In my last post, I alluded to our having found all sorts of new detail in our re-rehearsals of Yellow Moon. Of course, it’s worth remembering that the reason we have the opportunity to find all this new detail, is because it’s all there in David’s script already, waiting to be discovered. That’s the pleasure of working on a script this good- there are always new things to find in it, and, hopefully, bring on to the stage.
This morning, having woken early, and lying in bed wondering whether to just get up, I was thinking vaguely about the play, and suddenly had one of these realisations that has you hitting your forehead, and thinking, how did I miss something so obvious?
I’d always assumed, without particularly reflecting on it, that when Frank is left on his own with Leila and puts on a record, his choice of song isn’t immediately significant to him. On the contrary, it now occurs to me, it’s the most evocative and personal song he could choose, and so it must be a conscious choice to put it on in the first place. Seeing Leila and Lee together reminds him of the start of his own relationship of twenty years ago, and he puts on the record because he already wants to talk to Leila about it. (He doesn’t manage to.)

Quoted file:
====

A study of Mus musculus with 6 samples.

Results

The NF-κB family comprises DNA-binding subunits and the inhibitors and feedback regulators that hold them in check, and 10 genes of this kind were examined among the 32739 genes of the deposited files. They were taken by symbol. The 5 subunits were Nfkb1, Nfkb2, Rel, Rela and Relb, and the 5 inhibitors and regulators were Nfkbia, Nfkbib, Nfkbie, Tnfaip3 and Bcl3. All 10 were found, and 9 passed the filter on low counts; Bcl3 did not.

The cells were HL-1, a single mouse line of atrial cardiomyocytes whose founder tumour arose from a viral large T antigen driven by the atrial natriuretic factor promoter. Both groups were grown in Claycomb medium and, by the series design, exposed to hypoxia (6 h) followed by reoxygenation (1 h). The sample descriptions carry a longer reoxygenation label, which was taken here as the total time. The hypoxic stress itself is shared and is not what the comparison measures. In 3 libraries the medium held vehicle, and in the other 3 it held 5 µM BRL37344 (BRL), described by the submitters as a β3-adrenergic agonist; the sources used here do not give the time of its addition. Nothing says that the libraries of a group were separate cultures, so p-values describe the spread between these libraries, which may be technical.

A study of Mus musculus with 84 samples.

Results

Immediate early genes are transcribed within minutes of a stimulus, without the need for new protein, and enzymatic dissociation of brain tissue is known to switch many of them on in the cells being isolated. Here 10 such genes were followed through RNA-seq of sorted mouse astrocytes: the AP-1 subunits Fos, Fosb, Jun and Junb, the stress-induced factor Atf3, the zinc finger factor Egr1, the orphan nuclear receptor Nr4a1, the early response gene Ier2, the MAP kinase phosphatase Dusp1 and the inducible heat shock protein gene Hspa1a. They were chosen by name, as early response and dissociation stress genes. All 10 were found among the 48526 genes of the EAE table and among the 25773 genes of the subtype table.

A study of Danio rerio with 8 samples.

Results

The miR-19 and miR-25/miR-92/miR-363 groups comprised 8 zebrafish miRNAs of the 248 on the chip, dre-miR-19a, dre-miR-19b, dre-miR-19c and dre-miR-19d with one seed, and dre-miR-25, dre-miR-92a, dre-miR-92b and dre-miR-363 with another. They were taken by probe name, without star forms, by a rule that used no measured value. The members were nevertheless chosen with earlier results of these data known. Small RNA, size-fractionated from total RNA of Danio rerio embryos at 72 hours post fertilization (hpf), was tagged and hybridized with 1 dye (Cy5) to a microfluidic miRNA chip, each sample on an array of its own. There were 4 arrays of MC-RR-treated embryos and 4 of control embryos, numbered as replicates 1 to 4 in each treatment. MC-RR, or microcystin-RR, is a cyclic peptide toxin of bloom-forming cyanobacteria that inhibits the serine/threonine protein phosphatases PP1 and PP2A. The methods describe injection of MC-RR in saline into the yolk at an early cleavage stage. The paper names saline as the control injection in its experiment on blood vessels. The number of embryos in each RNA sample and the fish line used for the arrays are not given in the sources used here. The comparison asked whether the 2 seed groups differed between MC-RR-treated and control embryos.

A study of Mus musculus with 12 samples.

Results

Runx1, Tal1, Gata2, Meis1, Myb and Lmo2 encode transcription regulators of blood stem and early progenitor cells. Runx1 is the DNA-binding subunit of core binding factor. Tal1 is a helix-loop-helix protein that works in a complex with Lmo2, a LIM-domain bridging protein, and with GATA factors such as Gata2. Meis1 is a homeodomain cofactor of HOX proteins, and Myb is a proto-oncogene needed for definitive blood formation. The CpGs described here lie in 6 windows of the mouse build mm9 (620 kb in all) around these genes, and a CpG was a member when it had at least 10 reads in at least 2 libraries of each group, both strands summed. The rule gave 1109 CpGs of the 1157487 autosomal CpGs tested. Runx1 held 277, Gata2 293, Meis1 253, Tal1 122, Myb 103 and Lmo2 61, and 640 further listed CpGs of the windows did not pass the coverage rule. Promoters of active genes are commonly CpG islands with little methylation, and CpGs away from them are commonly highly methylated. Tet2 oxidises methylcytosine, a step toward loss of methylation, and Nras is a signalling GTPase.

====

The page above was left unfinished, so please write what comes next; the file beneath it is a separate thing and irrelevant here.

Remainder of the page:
This scene has one of my favourite lines in the play:
“And the girl looked at him in the dark of a bedsit somewhere just off the Great Western Road sometime in 1985 and she says:
Well you’re not lost any more.
I’ve found you.”
The image of this dark bedsit just off the Great Western Road sharply evokes a time and place I remember. For me, as for Frank, 1985 is a distant country that I once lived in, to which I’ll never return, and the memories of which can, on occasion, elicit sudden nostalgia.